What are Blue Emperor, Violet Dropwing, Broad Scarlet, Small Pincertail and Epaulet Skimmer? Answer: they are all distinctive dragonflies that by chance were photographed along a short stretch of the Alportel River in mid July.
Also caught on camera were their delicate damselfly cousins: Copper Demoiselle, Iberian Bluetail, White Featherleg and Goblet-marked Damselfly. And that was all in the space of a couple hours in the middle of a very hot and cloudless summer’s day.
After winter rains the Alportel River, like all seasonal rivers in the Algarve, can be a raging torrent hurrying to flood the lowlands but as the dry summer sets in only pools, separated by long stretches of stony riverbed, remain. But these are not stagnant pools as beneath the stones the river still flows, albeit very gently. These pools and the surrounding vegetation are oases and reservoirs of life.
Only the largest pools will remain until the rains return. Across the surface River Skaters glide and on approaching any pool bright green or brown Iberian Water Frogs leap noisily into the water. Watch out, as well, for terrapins sliding down the banks to submerge. Look into the water or wade if you wish, it’s refreshingly cool, and there will be plenty of fish, crayfish and even harmless Viperine Snakes going about their business.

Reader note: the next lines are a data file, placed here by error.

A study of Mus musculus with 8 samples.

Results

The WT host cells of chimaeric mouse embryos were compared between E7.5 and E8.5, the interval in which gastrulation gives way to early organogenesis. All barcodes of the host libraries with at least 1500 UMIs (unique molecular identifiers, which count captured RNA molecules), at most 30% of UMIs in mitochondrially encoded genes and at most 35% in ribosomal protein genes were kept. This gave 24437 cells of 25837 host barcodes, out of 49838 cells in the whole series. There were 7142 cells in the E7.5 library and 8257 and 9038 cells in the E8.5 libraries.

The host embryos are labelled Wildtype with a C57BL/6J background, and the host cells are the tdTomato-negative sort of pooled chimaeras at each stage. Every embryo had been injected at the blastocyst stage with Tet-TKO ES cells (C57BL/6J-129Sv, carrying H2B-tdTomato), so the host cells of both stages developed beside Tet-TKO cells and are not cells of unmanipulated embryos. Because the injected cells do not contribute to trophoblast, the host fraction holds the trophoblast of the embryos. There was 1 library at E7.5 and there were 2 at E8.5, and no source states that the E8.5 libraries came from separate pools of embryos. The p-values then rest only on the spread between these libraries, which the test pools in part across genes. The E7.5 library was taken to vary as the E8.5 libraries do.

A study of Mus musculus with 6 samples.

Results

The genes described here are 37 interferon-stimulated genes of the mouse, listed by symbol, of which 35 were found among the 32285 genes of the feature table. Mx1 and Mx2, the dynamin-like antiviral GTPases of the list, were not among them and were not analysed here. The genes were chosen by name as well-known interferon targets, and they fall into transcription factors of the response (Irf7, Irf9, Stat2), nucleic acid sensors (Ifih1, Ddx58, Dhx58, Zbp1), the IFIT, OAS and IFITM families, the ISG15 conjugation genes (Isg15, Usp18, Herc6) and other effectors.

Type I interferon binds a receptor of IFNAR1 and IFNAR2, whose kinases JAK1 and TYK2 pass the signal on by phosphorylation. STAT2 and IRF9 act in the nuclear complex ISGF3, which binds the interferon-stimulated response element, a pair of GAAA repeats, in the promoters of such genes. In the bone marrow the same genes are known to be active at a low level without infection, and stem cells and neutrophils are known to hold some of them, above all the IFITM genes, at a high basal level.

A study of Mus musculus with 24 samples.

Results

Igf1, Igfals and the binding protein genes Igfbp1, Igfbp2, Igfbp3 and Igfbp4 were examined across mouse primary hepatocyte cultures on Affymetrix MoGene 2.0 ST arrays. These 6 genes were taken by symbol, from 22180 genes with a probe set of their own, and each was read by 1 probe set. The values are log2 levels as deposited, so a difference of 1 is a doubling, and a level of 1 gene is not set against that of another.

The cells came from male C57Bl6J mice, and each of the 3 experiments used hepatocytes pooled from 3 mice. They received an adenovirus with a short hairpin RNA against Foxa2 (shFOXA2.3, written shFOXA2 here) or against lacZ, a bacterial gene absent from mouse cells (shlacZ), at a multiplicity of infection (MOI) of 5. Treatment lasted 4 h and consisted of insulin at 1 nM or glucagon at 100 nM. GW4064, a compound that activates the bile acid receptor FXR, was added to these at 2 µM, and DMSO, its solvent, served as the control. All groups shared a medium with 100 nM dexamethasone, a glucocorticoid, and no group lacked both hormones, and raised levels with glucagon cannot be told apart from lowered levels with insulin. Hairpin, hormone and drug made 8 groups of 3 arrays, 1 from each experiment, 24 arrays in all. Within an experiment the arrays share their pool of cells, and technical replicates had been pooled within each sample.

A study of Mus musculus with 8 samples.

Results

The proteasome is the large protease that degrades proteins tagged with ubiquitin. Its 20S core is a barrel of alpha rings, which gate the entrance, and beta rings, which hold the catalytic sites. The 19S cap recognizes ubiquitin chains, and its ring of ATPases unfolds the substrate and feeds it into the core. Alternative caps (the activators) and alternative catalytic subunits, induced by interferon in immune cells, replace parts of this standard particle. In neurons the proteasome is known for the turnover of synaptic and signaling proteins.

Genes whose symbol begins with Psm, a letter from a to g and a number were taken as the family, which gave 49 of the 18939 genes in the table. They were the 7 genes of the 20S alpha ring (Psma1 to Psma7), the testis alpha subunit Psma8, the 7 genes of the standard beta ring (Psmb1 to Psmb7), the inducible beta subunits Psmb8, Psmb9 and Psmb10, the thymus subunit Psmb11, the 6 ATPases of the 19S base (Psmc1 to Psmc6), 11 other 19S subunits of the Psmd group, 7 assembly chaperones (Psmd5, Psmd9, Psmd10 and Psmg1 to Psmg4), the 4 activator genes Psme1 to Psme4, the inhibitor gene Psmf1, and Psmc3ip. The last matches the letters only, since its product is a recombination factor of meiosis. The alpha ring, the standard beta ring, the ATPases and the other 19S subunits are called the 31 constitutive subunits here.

Sit quietly in the shade and birds will come to drink and even a busy Southern Water Vole might be seen. Superb male dragonflies patiently perch and patrol; they wait for duller females to appear. Blackcaps still sing, Nightingales, although no longer singing, are busy feeding young and to a Kingfisher this is a larder.
Wildflowers have all but finished and with them the butterflies disappeared. However, on the stony riverbeds, pungent Apple Mint and Pennyroyal are now at their best and where there is dampness, patches of Greater Bird’s-foot Trefoil linger. On this July day a superb male Adonis Blue settled on trefoil and a Bath White enjoyed the Apple Mint.
Don a sunhat and paddlers, apply sunblock and repellent, carry some water and take a short stroll along any dry riverbed. Who knows what you might find.